Jordan Greenby Jordan Green

I’ve been feeling nostalgia lately for the spring of 2008, when Barack Obama and Hillary Clinton waged an epic battle for North Carolina’s delegate votes in the presidential primary.

That’s when I first met Ralph Johnson. Sharon Hightower (now a member of Greensboro City Council) had recruited me to moderate a pair of candidate forums for a group called the Guilford County Unity Effort.

I remember Ralph Johnson pulling into the parking lot in a small pickup truck on that gorgeous spring evening in 2008, probably grabbing a sheaf of papers before ambling into the church gymnasium at New Light Baptist Church. He ran a home remodeling business, and it seemed as though he had just come from a job site. We had candidates for lieutenant governor and state treasurer coming to the candidate forum, and Johnson’s sense of righteous indignation impressed me. After introducing himself, I recall him saying something like, “We’ve got to hold these politicians accountable, Jordan.”

Politics can often seem like an arena of fakery, gamesmanship and self-serving puffery. Johnson and Hightower did real work in the community, including mobilizing citizens to keep the White Street Landfill closed, and they had the clout to call elected officials to account. For a young journalist with a healthy suspicion of authority, it seemed natural to make common cause with these two; they were links to the community I wished to serve. Of course, when they ran for office — Hightower was elected to city council in 2013, and Johnson to the state House in 2014 — my relationship with them by necessity took on a new distance.

It absolutely shook me when I learned about Johnson’s death after midnight while wrapping up work on an election in which he had just gone down in defeat. Johnson’s passing comes as a cruel blow to me because his presence feels tangible and of the moment. Far from being a person out of a different era, it seems as though Johnson should be gearing up for the next fight.

So too with Earline Parmon, the former state lawmaker who also died on the March 15 primary. Although Parmon had retired from the state Senate in early 2015 to serve as US Rep. Alma Adams’ outreach director, her tenacious work in Raleigh remained very much of the political moment, from fighting for compensation for eugenics victims to decrying Republican cuts to unemployment and asking tough questions about Health and Human Services Director Aldona Wos’ failure to deliver food-stamp benefits to eligible citizens.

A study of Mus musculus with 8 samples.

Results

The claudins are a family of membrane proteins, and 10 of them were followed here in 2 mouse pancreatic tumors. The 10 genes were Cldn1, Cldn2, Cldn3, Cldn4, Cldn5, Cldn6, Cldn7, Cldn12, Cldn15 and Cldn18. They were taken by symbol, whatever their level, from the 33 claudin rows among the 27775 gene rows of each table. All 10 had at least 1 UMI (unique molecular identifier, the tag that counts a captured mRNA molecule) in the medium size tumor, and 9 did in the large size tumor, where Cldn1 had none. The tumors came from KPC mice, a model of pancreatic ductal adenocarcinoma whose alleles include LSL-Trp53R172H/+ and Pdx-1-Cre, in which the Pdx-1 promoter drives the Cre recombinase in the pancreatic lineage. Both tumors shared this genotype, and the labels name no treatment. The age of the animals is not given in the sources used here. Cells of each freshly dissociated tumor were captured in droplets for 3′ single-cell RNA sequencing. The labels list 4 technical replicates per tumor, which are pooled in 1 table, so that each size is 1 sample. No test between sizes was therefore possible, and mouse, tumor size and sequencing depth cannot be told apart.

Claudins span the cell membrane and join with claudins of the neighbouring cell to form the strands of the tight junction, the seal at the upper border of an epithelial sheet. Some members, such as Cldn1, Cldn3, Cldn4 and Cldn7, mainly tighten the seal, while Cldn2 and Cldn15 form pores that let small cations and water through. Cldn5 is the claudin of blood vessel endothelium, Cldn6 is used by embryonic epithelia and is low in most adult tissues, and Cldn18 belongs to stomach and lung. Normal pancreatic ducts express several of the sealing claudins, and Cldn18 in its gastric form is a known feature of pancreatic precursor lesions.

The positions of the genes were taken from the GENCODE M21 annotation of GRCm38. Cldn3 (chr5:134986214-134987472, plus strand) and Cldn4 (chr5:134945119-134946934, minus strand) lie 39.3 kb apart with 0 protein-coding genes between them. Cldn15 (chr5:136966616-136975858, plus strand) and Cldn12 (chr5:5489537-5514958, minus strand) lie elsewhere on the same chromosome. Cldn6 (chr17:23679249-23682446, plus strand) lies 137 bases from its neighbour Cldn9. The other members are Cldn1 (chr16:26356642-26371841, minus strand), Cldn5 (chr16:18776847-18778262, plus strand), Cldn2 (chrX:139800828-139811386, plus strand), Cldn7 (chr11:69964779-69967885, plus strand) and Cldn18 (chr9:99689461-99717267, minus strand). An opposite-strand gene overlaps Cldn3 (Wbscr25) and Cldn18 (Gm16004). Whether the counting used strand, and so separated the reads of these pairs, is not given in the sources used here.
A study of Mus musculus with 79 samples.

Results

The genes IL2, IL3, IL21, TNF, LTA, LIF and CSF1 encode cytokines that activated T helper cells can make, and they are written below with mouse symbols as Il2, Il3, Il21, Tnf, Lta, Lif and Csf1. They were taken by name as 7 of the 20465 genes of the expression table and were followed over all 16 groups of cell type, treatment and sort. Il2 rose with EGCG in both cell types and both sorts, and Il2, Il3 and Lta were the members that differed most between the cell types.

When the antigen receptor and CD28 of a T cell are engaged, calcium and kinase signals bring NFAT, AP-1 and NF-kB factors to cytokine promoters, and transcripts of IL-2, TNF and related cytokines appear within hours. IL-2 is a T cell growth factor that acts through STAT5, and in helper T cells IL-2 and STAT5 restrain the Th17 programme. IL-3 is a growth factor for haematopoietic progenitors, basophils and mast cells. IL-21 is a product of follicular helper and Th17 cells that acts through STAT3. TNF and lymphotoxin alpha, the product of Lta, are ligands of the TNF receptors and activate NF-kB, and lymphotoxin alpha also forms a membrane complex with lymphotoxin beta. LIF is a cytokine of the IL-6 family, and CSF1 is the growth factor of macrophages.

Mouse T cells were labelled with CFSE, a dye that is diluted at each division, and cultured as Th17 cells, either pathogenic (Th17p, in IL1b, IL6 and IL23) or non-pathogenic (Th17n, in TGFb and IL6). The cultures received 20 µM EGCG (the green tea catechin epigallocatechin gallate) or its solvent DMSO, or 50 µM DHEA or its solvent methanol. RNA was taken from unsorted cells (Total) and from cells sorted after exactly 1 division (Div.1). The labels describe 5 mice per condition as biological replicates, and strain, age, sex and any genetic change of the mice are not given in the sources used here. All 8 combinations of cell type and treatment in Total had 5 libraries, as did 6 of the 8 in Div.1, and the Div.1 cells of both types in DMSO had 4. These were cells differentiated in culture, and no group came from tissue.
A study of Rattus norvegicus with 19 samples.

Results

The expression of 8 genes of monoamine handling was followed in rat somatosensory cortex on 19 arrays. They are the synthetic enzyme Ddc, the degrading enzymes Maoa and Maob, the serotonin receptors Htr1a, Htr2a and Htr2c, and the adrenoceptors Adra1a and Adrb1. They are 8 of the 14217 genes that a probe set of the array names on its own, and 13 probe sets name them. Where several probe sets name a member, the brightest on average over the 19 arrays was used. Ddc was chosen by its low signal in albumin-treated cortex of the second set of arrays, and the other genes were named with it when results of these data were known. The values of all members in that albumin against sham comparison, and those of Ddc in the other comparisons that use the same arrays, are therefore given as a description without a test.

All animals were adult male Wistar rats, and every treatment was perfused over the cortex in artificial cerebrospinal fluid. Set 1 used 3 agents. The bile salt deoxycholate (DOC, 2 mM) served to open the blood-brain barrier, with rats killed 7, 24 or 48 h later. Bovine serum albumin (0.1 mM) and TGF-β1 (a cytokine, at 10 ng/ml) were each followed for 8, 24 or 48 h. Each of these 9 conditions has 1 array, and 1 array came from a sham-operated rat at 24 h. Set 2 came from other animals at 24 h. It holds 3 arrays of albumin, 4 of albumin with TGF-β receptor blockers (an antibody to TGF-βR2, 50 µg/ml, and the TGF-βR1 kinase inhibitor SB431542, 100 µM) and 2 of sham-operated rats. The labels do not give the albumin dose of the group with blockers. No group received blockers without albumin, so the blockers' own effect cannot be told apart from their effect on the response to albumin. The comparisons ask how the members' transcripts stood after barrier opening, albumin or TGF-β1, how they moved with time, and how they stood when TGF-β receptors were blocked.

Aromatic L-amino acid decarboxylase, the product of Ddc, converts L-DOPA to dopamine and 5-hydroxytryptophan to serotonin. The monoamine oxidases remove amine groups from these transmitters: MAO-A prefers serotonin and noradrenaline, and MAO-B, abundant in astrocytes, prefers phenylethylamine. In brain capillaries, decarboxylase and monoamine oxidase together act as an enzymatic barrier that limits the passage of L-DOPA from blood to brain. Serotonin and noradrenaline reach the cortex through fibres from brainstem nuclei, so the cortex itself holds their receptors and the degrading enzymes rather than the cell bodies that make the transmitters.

Making the rounds from polling places to campaign parties on primary day, it was impossible not to run into people who had been profoundly affected by Parmon. John Holleman, who was campaigning for his brother Norman’s reelection bid as register of deeds in Forsyth County, said he considered Parmon as being like a sister. They had served together on the Forsyth County Commission in the early 1990s, and Holleman recalled with delight how the two had attended a reception on a yacht in Seattle together. A man with a substantial appetite, Holleman had been descending a flight of steps with a heaping plate in his hands when a wake heaved him upwards. Holleman told me that Parmon kidded him: “John, I’m gonna call the Winston-Salem Journal and tell them you’re drunk on a yacht.”

More seriously, state Rep. Ed Hanes told me: “She was a leader of people, period. Who’s next? Is it [Sen. Paul] Lowe? Is it me? Maybe someone we don’t even know who it is. That’s our responsibility — to be that person that steps up.”

The way I got to know Earline Parmon couldn’t be more different than how I became friends with Ralph Johnson.

I challenged an electioneering scheme involving a campaign flier handed out during the 2012 primary that misleadingly referenced a slate as “the Democratic candidates,” implying that their opponents were not Democrats. Although Parmon disavowed any involvement with the shady political action committee that produced the fliers, the fact that her campaign workers were handing out the fliers indicated otherwise. During a tense phone conversation I had to tell her I didn’t think her account was credible, and she heatedly asked me if I was calling her a “liar.”

The true testament to Parmon’s character is that her warmth and common touch made me forget that we had ever had any disagreements. That’s an admirable political skill, and many elected officials today would do well to learn what she knew so well — how to make adversaries into friends.

I will always remember running into Parmon at a get-out-the-vote event at a park in East Winston in the spring of 2014. It was my first major outing with my then 7-month-old daughter. Parmon took her out of my arms and made goo-goo noises at her.

“Count on Earline to make a baby smile,” said state Rep. Evelyn Terry, who was standing nearby.

That’s only a small reflection of Earline Parmon’s substantial abilities. Winston-Salem will miss her, and I will, too.